Michael Stern, JDS flew the coop on private plane bills: lawsuit

Developer says complaint lacks merit, expects a judge to dismiss

Michael Stern’s JDS Development Sued Over Private Air Travel
JDS Development 's Michael Stern (JDS Development, Aktug Ates via Wikimedia Commons, Getty)

Michael Stern’s JDS Development may be headed for a hard landing over some flight bills.

The company was sued this week by a charter flight company that alleged the developer failed to pay for private flights that jetted Stern and his associates between Florida, New York and the Caribbean Islands in 2022 and 2023. 

The developer owes more than $1.2 million to Hawthorne Finance Holdings, which owned the New York-based charter service ExcelAire until it sold the company last summer. Hawthorne retained ownership of the business’s accounts receivable as part of the sale agreement, and is now trying to collect what it calls unpaid bills in court.

“The complaint is wholly without merit and we expect it to be dismissed,” said a legal representative of JDS. Stern declined to comment. 

Stern is the ambitious developer behind the Brooklyn Tower, now the tallest building in New York City outside of Manhattan, the Steinway Tower on Billionaires’ Row and 888 Brickell, a supertall Miami condo tower to be branded by Dolce & Gabbana.


In 2022, as JDS was fighting a legal battle to win approval to build a 500,000-square-foot residential tower at 247 Cherry Street in Manhattan’s Two Bridges neighborhood, Stern flew from Miami to Teterboro Airport and stayed in New York for about a week, according to a list of travel costs that Hawthorne alleges went unpaid. Other expenses include fuel costs, hangar fees, a per diem for pilots and aircraft maintenance.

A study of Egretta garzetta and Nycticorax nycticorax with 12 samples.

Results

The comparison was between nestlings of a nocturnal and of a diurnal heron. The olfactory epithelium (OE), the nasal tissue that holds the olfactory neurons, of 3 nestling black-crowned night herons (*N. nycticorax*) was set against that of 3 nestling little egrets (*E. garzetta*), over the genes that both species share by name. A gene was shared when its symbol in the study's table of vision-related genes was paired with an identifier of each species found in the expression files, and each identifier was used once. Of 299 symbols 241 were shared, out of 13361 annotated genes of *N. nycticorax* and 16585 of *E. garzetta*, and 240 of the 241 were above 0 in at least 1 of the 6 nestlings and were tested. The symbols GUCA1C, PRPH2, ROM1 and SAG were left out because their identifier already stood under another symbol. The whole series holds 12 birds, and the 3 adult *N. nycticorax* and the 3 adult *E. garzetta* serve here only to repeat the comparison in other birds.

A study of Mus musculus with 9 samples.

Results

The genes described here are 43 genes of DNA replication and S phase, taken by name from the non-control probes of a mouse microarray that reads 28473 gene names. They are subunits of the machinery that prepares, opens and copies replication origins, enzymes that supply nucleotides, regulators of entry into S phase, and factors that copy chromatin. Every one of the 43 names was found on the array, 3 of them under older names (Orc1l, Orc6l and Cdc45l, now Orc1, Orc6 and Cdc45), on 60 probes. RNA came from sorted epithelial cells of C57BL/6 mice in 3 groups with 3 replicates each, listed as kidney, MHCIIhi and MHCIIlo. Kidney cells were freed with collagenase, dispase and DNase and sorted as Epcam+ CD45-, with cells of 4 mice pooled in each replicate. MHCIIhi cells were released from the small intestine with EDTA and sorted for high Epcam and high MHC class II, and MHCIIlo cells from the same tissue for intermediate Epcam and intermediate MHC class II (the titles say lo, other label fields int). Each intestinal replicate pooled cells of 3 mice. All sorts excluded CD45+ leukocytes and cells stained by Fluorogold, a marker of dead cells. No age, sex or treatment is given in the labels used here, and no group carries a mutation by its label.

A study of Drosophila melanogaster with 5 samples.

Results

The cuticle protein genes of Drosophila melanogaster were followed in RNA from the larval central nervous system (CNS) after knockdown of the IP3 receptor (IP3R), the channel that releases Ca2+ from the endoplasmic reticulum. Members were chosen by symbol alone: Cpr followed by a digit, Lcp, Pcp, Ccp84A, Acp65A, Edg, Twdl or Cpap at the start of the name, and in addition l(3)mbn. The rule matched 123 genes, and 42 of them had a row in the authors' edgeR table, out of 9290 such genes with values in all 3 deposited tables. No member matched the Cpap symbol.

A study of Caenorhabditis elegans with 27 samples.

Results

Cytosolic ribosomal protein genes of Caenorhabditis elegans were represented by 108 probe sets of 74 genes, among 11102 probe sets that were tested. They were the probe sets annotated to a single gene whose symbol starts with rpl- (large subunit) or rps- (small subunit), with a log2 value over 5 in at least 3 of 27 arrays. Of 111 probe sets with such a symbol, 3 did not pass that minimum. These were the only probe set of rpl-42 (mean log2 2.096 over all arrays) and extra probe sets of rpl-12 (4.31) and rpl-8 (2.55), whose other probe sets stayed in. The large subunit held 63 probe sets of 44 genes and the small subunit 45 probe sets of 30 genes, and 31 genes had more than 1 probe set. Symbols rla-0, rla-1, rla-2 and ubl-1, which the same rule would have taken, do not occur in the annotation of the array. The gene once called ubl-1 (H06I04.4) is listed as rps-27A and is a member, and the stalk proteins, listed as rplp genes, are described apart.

Stern’s preferred transport was an Embraer Legacy 600, a midsize jet that can fly up to 14 people and cross 3,400 nautical miles at a cruising speed of about 500 miles per hour. With two Rolls Royce engines, the plane can reach as far as London, Alaska or Peru from New York.

In an exchange of emails between Hawthorne and Stern, the developer identified $68,000 in duplicative charges while “going thru” the bills, but he apparently ceased communication with the company without paying the balance it alleges he owes.

Representatives for Hawthorne did not return requests for comment. The charter flight company ExcelAire now operates under different ownership as Executive Fliteways.